A federal judge called the Trump administration’s slowness to track down migrant parents it had separated from their children and then deported “unacceptable,” saying the responsibility is “100%” on the government.

The stern admonishment from District Judge Dana Sabraw came a day after the administration argued that immigrant advocacy groups — not the government — should be responsible for tracking down the more than 500 parents it had separated from their children at the border and deported without them.

Sabraw said during a Friday phone hearing that if the government doesn’t track down the parents, it will have “permanently orphaned” their children.

“The reality is there are still close to 500 parents that have not been located, many of these parents were removed from the country without their child, all of this is the result of the government’s separation and then inability and failure to track and reunite,” Sabraw said.

“And the reality is that for every parent who is not located, there will be a permanent orphaned child, and that is 100% the responsibility of the administration,” he added.

Sabraw instructed the administration to name one or two officials to be a single point of command in the reunification effort, and to submit a detailed plan for how they will reunify children with parents either deported or, in a smaller number of cases, released into the US.

“In reviewing the status report it appears that only 12 or 13 of close to 500 parents have been located, which is just unacceptable at this point,” Sabraw said.

Justice Department said others should find the parents

Guatemalan Elsa Ortiz, who was deported from the U.S. in June, asks to have her son back as she demonstrates outside the hotel in Guatemala City where Homeland Security Secretary Kirstjen Nielsen met with authorities from Guatemala, El Salvador, Honduras and Mexico on July 10, 2018. (Credit: Johan Ordonez / AFP / Getty Images)

Guatemalan Elsa Ortiz, who was deported from the U.S. in June, asks to have her son back as she demonstrates outside the hotel in Guatemala City where Homeland Security Secretary Kirstjen Nielsen met with authorities from Guatemala, El Salvador, Honduras and Mexico on July 10, 2018. (Credit: Johan Ordonez / AFP / Getty Images)

In a court document Thursday, the Justice Department had suggested the American Civil Liberties Union should use its “network of law firms, NGOs, volunteers and others” to find the parents, using information the administration will provide.

“Plaintiffs’ counsel should ascertain whether each possible class member wishes to be reunified with his or her child, or whether he or she wishes to waive reunification,” the filing continued, adding that the ACLU would be “responsible for ensuring” the parents have the opportunity to get legal advice and consult with their children, with the government helping to “facilitate” those family communications.

The ACLU “would then be responsible for providing Defendants with a final, unequivocal, written confirmation of whether each possible class member wants to be reunified with his or her child,” the filing said.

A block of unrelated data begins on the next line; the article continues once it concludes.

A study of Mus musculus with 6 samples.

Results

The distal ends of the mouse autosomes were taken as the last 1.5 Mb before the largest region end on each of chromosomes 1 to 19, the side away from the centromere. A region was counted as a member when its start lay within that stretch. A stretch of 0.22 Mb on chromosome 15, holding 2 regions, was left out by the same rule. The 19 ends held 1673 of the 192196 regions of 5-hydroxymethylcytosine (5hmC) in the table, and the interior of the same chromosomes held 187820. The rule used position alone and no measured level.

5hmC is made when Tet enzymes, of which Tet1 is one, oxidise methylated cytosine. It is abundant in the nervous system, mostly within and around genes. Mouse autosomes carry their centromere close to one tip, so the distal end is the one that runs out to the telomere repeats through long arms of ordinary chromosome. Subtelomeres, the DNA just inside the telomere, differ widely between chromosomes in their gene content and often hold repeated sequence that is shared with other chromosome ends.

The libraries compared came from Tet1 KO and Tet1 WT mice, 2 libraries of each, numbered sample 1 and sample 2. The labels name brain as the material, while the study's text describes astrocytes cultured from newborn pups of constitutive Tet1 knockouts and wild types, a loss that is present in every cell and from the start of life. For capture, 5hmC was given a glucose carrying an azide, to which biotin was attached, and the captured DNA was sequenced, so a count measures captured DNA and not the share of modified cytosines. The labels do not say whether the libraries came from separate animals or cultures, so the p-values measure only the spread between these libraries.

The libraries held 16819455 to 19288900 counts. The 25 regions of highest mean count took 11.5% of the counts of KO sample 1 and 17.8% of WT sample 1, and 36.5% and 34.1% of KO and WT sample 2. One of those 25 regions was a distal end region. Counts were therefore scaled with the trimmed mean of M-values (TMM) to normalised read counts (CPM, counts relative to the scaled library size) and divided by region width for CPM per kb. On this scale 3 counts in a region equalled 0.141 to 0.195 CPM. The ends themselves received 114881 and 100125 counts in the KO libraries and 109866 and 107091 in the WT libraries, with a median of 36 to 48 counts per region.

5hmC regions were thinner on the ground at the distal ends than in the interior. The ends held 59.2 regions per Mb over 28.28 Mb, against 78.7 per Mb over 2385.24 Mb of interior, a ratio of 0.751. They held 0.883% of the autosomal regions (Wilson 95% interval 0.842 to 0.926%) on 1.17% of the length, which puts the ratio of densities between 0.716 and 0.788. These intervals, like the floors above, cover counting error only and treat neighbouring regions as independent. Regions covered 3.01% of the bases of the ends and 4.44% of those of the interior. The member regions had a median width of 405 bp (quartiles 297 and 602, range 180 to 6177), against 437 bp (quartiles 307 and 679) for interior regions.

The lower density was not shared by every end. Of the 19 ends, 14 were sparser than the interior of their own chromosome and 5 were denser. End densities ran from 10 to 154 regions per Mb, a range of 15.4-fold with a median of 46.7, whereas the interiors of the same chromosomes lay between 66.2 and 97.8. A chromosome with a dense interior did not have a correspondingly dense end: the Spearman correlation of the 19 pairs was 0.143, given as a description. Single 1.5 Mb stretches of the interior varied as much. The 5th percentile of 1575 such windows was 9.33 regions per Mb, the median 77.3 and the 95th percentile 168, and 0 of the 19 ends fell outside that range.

The filing said the State Department has been enlisted to communicate with other countries’ officials on how to facilitate the reunification process.

As roughly two-thirds of the families separated by the administration have been reunited, the focus in an ongoing court case that ordered reunifications has turned to the more difficult cases — especially the hundreds of parents who were deported to their home countries alone.

The ACLU argued that shifting the responsibility from the government is unacceptable.

Sabraw did ask the ACLU to similarly establish a steering committee to oversee the effort that could work with the government, and to submit its own plan for reunifications by next week. ACLU attorney Lee Gelernt told the judge the organization had already put together a task force of global law firms and national and Central American nongovernmental organizations and could bring them into the court case.

To date, the ACLU says it is aware of 12 of the more than 500 parents who are in touch with attorneys and are trying to get their children back from the government. It questioned why the government has not made that clear to date and hasn’t made more progress on that front. The government said it received 13 names. The discrepancy was not clearly explained. In court Friday, Justice Department attorney Scott Stewart said he believed more had been located but could not give numbers.

The ACLU said it believes the government has had phone numbers for many of the deported parents for a significant amount of time, asking why those numbers weren’t either shared with it or used to contact the parents.

Sabraw ordered the administration to provide information to the ACLU on a “rolling basis” as quickly as possible, with information on all the parents due by August 10.

The administration has maintained that any parents deported without their children willingly left without them. Attorneys and immigrant advocates, however, have questioned whether the parents fully understood what they were agreeing to. The ACLU filed a lengthy collection of sworn statements from attorneys who say some parents were asked to sign documents they didn’t understand, felt coerced to sign or believed they were agreeing to something to get their children back.

The administration said Thursday that 410 children who remain in custody have parents who are no longer in the United States, but that is roughly 100 fewer than the overall total of deported parents.

At a Tuesday hearing, Commander Jonathan White of the US Public Health Service Commissioned Corps, who’s been heading up family reunification efforts, had said the parents of more than 500 kids from separated families are no longer in the US and may have been deported. White said at the time that 429 of those kids were in custody and 81 had been released to other sponsors.